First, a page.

5.26.20: COVID-19 Crisis Series CLIENT-SIDE

As its first topic of focus, the Council of Luminaries has decided to have regular meetings to discuss the effects of the COVID-19 pandemic on the legal industry as they materialize. The objective is to identify developments in the market, at both clients and firms and to explore potential solutions and make predictions on where things go from here. Key takeaways from each meeting will be published for the public following each discussion.

The below meeting was conducted primarily with the client-side group.


This Week's Temperatures


Each week we ask the Luminaries to answer these four questions, on a scale of 1-10 with 5 being what would have been their pre-COVID response.

Captive ALSPs

The group is still surprised by the number of firms with Captive ALSPs and that many of the partners even at these firms don’t seem to know they exist or want to talk about them.

For purposes of the discussion, we defined Captive ALSPs as providing services broader than just document review. More like:

  • Including units that are spun off as separate entities and those that are technically their own practice groups.

  • Use dedicated staff as well as technology and process.

  • Examples include delivering legal services through dedicated review or transaction service centers, deploying teams of staff attorneys, working with the assistance of AI- or technology-enabled document review tools, and more.

Even at large firms with well-intentioned and set-up Captive ALSPs, the people within those units often have to do just as much marketing internally as they do to clients. They have to work their own internal culture as hard internally as they do externally.

There’s also a threshold question about whether the law department itself should “insource” the kinds of activities that can be done by Captive and traditional ALSPs. One group member reported that they have a team of contractors—supervised by internal staff—that do a lot of the work that would otherwise be done by associates or junior partners. Most, but not all, of this work is in litigation and they make sure their firms keep their staffing pretty tight. At first firms resisted, but now it’s a seamless partnership. There’s little doubt that the firms don’t love it, but the company does often get emails from them praising these people.

However, that same Luminary mentioned that if they were to dip into more practice areas, they’d consider a captive, especially if supervision and/or certification is required.

Another company takes a similar approach to its M&A due diligence, conventional IP filings and review of low volume high risk contracts, even sending some work to its own shared services center in India. For these types of work, they’d only go with a captive if they need some sort of certification.

A third company used a law firm Captive ALSP for CCPA and the related survey and compliance work. This company does use traditional ALSPs for discovery work, but this was the first experience with a captive. They responded to a pitch from a firm they already have a great relationship with and the project was combined with more traditional strategic advisory work around CCPA. It was a great success and even expanded into corporate records management, as some of the information they were able to glean from the CCPA survey has helped the company manage its third party vendors. “It was very well done and very quickly done and supervised by in-house attorneys.”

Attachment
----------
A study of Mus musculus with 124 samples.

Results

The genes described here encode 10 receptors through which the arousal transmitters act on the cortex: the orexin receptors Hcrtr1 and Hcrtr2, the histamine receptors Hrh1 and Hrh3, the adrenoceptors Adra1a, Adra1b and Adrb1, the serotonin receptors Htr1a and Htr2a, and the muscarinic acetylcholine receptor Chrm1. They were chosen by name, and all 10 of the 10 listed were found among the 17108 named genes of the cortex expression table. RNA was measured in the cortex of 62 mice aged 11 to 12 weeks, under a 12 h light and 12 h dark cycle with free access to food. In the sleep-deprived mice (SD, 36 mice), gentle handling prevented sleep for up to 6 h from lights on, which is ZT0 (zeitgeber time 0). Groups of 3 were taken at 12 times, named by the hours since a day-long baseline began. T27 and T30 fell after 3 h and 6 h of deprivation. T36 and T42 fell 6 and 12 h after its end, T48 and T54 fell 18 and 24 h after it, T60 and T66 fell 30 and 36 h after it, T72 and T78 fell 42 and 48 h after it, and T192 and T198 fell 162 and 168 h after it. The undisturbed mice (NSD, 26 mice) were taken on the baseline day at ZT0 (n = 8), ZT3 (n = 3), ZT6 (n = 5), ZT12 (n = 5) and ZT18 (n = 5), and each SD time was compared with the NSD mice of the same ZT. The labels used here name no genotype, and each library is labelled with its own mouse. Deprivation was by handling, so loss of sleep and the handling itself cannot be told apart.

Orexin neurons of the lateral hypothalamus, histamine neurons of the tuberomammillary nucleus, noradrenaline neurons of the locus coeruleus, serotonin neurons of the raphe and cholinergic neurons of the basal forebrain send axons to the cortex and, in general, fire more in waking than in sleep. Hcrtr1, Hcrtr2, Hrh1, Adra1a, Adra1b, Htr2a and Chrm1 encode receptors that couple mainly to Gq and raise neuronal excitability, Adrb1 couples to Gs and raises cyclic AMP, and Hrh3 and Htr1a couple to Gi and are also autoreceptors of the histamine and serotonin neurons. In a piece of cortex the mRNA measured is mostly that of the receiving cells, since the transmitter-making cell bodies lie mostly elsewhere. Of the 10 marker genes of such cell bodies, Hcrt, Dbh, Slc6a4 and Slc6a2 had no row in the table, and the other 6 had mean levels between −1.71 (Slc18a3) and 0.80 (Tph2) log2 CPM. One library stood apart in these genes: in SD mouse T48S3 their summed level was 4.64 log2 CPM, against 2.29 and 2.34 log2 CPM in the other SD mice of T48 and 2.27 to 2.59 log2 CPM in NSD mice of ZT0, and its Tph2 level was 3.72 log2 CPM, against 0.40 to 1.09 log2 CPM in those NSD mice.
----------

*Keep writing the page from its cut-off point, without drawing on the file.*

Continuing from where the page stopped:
There are some definitive advantages to managing a Captive ALSP compared to a traditional one:

  • One less vendor to manage

  • Privacy/data

  • One source of work and have the law firm manage that

The group is hoping to hear more from firms about their considerations. Are Captives considered less profitable? Is there tension between partners? How does it affect realization rates?

For firms, the big issue may be whether they are playing a short game or a long game. Some firms may simply not be interested in this type of work. Some of the top name-brand firms may not feel the need to offer these types of services, especially those that handle big M&A, where there may not be much price sensitivity.

While no group members said they begrudge firms that don’t want to go down this path, they do have options. And it would be nice if firms brought their offerings to us so we can be more knowledgeable buyers.

It can be a battle in the law department, too. Many in-house counsel still feel like everything has to be bespoke.

No Interest in Live Conferences

Group members were vehement that they are not interested in any kind of live event anytime this year, at least. Comments included: “Hell no!”, “We’re not even going back to the office, why would we go to a conference?” and “I’m not willing to die for a trade show.”

CLE is easily available; there have always been tons of opportunities online, so that’s not a reason to go.

Need a Plan for Internal/Company Events

A few group members reported that they are having a difficult time figuring out what to do about some internal events that have been put off, such as annual legal leadership meetings and design conferences. They are looking for a way to not cancel but do something more interesting and interactive than just looking at a computer screen for hours on end.

Potential solutions included Zoom but with fuller use of breakout sessions, or perhaps using some of the virtual platforms that some of the conference providers are starting to use.